But the city’s chief attraction doesn’t soar above it like a mountain peak. You will find yourself heading in the opposite direction; i.e., underground to experience this unusual highlight. This is the Schloßberg, which consists of eight man-made caves.
Scholars believe that these underground passages were originally created as escape routes for the castle residents. However, the substance found in the caverns was soon prized by many citizens for its use in mortar and cleaning stone or wooden surfaces. It could also be used as a raw material for glass production and in the iron industry. The scratches of their tools can still be seen on the walls.
These caves — or technically, quarries since they are man-made — are red sandstones that show signs of a huge movement of water millions of years ago. They were first excavated from the 11th through the 17th century but then forgotten about. It wasn’t until the 1930s that they were rediscovered.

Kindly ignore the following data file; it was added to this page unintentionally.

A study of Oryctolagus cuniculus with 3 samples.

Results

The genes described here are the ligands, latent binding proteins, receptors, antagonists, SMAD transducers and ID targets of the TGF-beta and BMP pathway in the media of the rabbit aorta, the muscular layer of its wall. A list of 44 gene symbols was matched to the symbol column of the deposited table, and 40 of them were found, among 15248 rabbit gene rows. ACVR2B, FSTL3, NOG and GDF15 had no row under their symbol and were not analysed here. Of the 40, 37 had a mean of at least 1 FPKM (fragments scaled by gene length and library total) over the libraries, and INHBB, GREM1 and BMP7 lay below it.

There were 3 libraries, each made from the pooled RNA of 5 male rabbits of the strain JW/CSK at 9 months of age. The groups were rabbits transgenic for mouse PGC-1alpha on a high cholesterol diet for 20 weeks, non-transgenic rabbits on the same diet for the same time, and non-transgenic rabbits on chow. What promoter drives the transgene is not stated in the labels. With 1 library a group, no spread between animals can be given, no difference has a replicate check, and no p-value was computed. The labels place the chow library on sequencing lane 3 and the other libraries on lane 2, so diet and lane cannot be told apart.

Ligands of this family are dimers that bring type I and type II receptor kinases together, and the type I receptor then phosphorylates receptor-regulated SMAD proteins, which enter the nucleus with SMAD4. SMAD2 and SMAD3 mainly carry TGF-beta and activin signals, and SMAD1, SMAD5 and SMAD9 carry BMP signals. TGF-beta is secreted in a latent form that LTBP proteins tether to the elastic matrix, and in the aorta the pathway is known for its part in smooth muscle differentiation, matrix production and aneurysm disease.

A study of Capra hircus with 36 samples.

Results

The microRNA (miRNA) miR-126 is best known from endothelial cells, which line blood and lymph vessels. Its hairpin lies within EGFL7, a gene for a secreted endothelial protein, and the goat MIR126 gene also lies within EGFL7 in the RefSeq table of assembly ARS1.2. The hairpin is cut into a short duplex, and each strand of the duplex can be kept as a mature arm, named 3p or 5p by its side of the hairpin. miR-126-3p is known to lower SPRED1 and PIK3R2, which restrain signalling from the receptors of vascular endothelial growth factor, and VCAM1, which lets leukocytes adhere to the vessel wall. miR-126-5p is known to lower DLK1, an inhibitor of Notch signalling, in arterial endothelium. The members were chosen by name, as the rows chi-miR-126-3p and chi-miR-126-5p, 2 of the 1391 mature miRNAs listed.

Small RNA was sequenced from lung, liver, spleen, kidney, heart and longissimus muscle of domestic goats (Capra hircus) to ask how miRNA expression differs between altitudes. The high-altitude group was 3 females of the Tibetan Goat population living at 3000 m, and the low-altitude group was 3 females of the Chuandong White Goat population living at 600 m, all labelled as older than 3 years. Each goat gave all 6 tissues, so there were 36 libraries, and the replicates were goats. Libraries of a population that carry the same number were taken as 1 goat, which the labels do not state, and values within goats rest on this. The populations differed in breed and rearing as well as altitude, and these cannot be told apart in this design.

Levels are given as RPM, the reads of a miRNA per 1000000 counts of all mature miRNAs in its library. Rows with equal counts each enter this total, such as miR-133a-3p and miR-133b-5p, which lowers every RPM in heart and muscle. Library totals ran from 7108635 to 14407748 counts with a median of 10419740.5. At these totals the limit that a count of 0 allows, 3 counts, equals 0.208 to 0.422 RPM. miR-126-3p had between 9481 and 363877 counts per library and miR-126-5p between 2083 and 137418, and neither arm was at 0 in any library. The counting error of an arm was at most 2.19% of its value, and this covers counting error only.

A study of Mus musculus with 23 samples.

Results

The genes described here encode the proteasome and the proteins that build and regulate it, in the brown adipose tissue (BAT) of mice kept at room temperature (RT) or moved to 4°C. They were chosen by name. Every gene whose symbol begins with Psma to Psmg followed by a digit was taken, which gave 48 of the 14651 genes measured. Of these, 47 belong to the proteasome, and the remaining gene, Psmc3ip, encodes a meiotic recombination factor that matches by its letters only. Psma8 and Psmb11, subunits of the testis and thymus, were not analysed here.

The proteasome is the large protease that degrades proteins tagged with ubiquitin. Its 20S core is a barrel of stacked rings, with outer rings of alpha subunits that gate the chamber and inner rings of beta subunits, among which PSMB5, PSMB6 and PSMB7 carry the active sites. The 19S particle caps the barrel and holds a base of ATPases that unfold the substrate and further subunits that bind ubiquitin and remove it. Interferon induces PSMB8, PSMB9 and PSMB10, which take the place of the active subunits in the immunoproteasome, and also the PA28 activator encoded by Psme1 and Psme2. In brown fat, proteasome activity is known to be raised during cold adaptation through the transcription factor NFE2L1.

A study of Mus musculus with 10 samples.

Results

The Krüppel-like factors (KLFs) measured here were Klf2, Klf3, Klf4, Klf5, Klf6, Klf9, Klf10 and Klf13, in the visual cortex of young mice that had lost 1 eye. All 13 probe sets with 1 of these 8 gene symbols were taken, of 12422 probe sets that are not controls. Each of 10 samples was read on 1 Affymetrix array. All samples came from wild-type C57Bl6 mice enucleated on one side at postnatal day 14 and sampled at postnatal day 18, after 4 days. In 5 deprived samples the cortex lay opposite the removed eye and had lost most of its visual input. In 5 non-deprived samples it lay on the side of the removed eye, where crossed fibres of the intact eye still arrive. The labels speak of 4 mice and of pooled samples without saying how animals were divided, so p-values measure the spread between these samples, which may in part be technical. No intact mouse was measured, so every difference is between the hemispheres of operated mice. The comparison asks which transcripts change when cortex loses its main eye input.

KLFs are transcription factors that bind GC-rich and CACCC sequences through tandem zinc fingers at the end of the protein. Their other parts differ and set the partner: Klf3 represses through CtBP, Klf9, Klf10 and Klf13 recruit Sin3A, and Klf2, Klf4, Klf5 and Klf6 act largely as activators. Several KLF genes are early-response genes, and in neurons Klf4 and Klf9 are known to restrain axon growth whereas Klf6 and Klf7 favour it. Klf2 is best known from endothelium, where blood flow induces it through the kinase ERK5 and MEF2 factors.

The quarries of Schloßberg were built below an impressive fortress castle, the Homburg. Today it is not in the best state, but it is still possible to explore the ruins and let your imagination take care of the rest.
More imagining of the old times can be seen at the Roman Museum. This open-air museum gives you a glimpse of what life must have been like two thousand years in the past. Some highlights here include the reconstructed temple to Mercury and a display of traditional Roman handicrafts and jewelry.
Finally, Homburg is perhaps best known as the home of the Karlsberg Brewery. Be sure to sample some of its famed brews like the bitter Ur-Pils, the tequila-flavored Desperados, the coke-and-beer hybrid Mixery and the Kasteel Cru lager.